Avoid These 6 Common Flooring Mistakes

Flooring is an important consideration in any home, both for livability and resale value. One of the first things that prospective buyers notice about a listing, the type or types of flooring in a property can increase or decrease a home’s appeal. It’s also one of the most common elements that buyers change during renovations and home improvements. Fortunately, today’s homeowners have a wide variety of flooring material options and price ranges from which to choose. Whether you’re selecting new floors or living with the ones you have, here are some common mistakes to avoid:

  1. Choosing flooring that’s not compatible with your lifestyle. Before moving into a new home or selecting flooring materials for a restoration, think about your household’s routine and needs. Do you have pets? Active children? Seniors living in your home? What’s the weather like where you live? Which rooms get the most use? These are some of the considerations to keep in mind when deciding whether to use carpet, wood, tile, or other materials in specific areas of your house. While a certain type of flooring may appeal to your taste and budget, if isn’t practical for your lifestyle it might not be the best choice in the long run.
  1. Selecting floor colors and finishes in a store. Flooring can look different inside your home than it does under a store’s lighting. Ask if you can take samples of materials and finishes with you to compare them with your décor and to look at the choices in your home’s different lighting variations.
  1. Rushing the installation of wood floors.In many climates, it’s important to let wood floors acclimate before they are installed. This means allowing the wood flooring materials to sit in your home for several days or weeks (ask your flooring contractor for specific recommendations) to adjust to temperature and moisture levels. Skipping or rushing this important step can cause problems in the future.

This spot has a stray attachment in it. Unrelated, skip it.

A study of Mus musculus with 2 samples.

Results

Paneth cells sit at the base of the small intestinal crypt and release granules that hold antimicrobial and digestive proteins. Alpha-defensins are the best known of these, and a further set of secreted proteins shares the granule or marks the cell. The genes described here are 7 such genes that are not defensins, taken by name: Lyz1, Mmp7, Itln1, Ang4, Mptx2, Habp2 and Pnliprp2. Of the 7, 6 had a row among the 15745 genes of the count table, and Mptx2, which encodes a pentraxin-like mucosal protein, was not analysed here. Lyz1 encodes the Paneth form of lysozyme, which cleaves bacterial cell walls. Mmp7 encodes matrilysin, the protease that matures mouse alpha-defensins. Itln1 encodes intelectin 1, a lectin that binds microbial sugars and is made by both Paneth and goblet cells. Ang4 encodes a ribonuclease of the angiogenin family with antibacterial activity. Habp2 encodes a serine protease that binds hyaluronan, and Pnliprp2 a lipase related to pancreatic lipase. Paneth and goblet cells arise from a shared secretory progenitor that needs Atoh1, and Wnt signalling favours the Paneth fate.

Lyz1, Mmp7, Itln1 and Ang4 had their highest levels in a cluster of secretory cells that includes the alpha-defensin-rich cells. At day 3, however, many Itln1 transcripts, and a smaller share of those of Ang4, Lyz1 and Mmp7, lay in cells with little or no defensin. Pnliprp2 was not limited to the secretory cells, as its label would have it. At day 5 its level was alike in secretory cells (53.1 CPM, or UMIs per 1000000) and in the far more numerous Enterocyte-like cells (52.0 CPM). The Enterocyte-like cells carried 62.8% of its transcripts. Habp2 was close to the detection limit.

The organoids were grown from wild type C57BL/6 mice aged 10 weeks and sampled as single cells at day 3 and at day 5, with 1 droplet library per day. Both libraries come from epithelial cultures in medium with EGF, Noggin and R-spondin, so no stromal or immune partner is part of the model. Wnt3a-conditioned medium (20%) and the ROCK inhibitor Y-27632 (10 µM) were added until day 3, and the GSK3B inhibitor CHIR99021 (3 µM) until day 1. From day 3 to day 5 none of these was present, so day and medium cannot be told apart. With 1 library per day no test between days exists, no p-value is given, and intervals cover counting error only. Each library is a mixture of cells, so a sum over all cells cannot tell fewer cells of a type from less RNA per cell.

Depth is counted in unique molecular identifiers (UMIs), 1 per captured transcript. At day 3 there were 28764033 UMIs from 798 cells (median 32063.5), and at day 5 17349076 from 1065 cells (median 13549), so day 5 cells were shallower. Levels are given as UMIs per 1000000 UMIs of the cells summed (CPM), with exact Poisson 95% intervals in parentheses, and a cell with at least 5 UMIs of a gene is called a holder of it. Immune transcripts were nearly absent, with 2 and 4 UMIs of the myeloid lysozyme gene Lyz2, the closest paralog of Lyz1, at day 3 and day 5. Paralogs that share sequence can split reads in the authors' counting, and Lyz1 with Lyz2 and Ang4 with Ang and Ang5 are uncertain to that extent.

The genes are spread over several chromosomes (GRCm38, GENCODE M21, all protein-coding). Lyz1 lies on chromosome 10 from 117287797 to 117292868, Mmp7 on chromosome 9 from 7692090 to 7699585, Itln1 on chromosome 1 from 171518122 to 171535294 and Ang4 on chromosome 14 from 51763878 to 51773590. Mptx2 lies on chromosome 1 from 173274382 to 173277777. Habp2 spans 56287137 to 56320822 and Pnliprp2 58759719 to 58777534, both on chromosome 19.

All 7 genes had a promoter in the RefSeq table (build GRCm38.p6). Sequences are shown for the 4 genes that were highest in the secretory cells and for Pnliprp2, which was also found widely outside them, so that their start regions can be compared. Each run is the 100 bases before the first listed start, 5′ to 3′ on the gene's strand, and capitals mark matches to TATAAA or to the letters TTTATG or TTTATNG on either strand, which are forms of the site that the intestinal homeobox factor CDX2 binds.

1. Putting furniture in too soon after installation. Be patient about moving furniture back in after a new floor goes down, especially heavy pieces. Ask your contractor how long finishes need to dry and grout needs to set before you bring furniture back. Consider putting down moving paper in high-traffic areas to temporarily protect your new investment.
  1. Not cleaning floors often enough. Most types of floors benefit from regular sweeping and vacuuming. Even small dirt particles can cause scratching and wear to some flooring materials over time. Keeping floors clean can help them look better longer, and can show the floors off to their best advantage.
  1. Not cleaning floors the right way. Using the wrong cleaning products and methods can harm floors, especially wood ones. Talk to your builder or flooring contractor and ask for specific instructions and products for proper care of your floors and their particular finishes. Be sure to communicate these instructions to any contractors or individuals who will be cleaning your floors in the future.

The addition of area rugs can help reduce wear on many types of floors as well as add color and warmth to your décor. Choose rugs that are compatible with the color scheme and style of your home, and place them in areas that get a lot of use, such as dens or sitting areas. Runners can help protect hallways while smaller rugs can be placed in front of doorways and kitchen sinks to shield floors from tracked-in dirt and spills.